Contact us

Savista, at Village Sanjharia, Off Ajmer Road, Jaipur 302042, Rajasthan

Organic Farming at Savista

At Savista, we are just entering our kharif agricultural season.

The Indian kharif agricultural season coincides with the monsoons. It spans the months starting from late June / mid-July when the rains start ( depending on the region concerned), and ends in mid-September when the harvest takes place. The crops sown in this season are generally those that naturally harness the power of the rains to nourish growth, and generally do not require the additional support of irrigation. Thus, in Rajasthan, kharif crops are generally millets and pulses (legumes), and oil seeds such as sesame.

Bajra (pearl millet), gavaar (cluster beans), chauli (amaranth) and til (sesame) are what we have recently sown in our fields at Savista. In keeping with our organic farming practices of crop rotation and diversity, these have been planted to rotate with the wheat, mustard, fenugreek and quinoa that we had planted as our winter crop (in October/November)and harvested in the late spring (end-March/early April). This rotation has its own synergy in terms of yield, soil enrichment and soil conservation (the relatively shallow roots of millets and legumes create sufficient soil porosity for the rain water to seep from the surface deep down into the soil).

our mature winter wheat crop in late March awaiting harvest

During the summer months, our fields lay fallow, while birds fed on the remainder of the grains hidden in the stubble after the threshing, winnowing and bagging.

In the heat of June we treated our fields, i.e. harrowing and ploughing by tractor and infusing the soil with organic fertiliser (farmyard manure), in preparation for the onset of the rains and the kharif sowing.

Dawn twosome: trees standing sentinel over recently ploughed fields

With the arrival of the first thundershowers, the seeds were sown. This is how the fields looked within a week of sowing.

young cluster beans (gavaar) crop

Now, a little more than a fortnight later with the monsoon having finally set in with a few heavy intermittent showers, weeding is underway.

Interestingly, the “weeds” are a variety of wild amaranth. Amaranth is a highly nutritious spinach-substitute leafy green. In its tender stage, even the wild amaranth is considered to be very nutritious. The leaves of the amaranth are reputedly even more nutritious than spinach and are rich in iron, protein, magnesium and several other minerals. When amaranth is cultivated, it is primarily for its seeds which, too, are very nutritious. In fact, amaranth was prized by the ancient Aztecs as a wonder seed. But the wild variety that grows in our region does not yield any seeds. It merely matures rapidly and greedily into a tall tough plant that, traditional local farming wisdom believes, ought to be weeded out before it chokes off the nutrients of the planted crops that tend to grow more slowly. Further, if left in the fields for too long, the leaves of the wild amaranth become coarse and inedible, besides also losing much of their own nutritive value.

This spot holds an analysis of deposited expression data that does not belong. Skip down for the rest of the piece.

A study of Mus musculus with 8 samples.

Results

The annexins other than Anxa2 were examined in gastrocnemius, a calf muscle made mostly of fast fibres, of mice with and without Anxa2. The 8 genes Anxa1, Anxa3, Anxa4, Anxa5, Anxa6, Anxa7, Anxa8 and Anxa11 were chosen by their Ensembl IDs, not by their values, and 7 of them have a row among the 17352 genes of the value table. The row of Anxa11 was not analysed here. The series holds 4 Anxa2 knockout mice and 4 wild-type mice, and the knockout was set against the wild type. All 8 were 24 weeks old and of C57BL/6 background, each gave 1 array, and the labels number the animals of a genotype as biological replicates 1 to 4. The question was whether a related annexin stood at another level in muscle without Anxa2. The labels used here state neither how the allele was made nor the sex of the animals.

So, over the last two days, we have been weeding out great mountains of the wild amaranth plant. We are placing them in a pit where, once decomposed, they will be mixed with other compost and spread over the soil to enrich it.

Another traditional organic soil treatment technique in this region is to use ash from burning dry crop residues or twigs from pruned trees as a pesticide-cum-fertiliser. Pruning of our Khejri trees is currently underway; this is an essential traditional practice that keeps these trees in good health. We have nearly eighty Khejri trees on the property, and our slackness over the last couple of years in seeing to their regular pruning has caused some of them to degenerate. The leaves from the pruned branches are eaten by goats, and the branches then become available for burning. We have begun practising this technique of creating ash, and will watch for results. The ash from burnt wood – bio-carbon – was apparently similarly used to enrich agricultural land in the ancient Americas, making for incredibly fertile soil that could could sustain crops capable of feeding large populations (recent soil analysis of croplands along the Amazon basin shows mind-boggling levels of fertility that new age organic farmers in north America are taking a lesson or two from).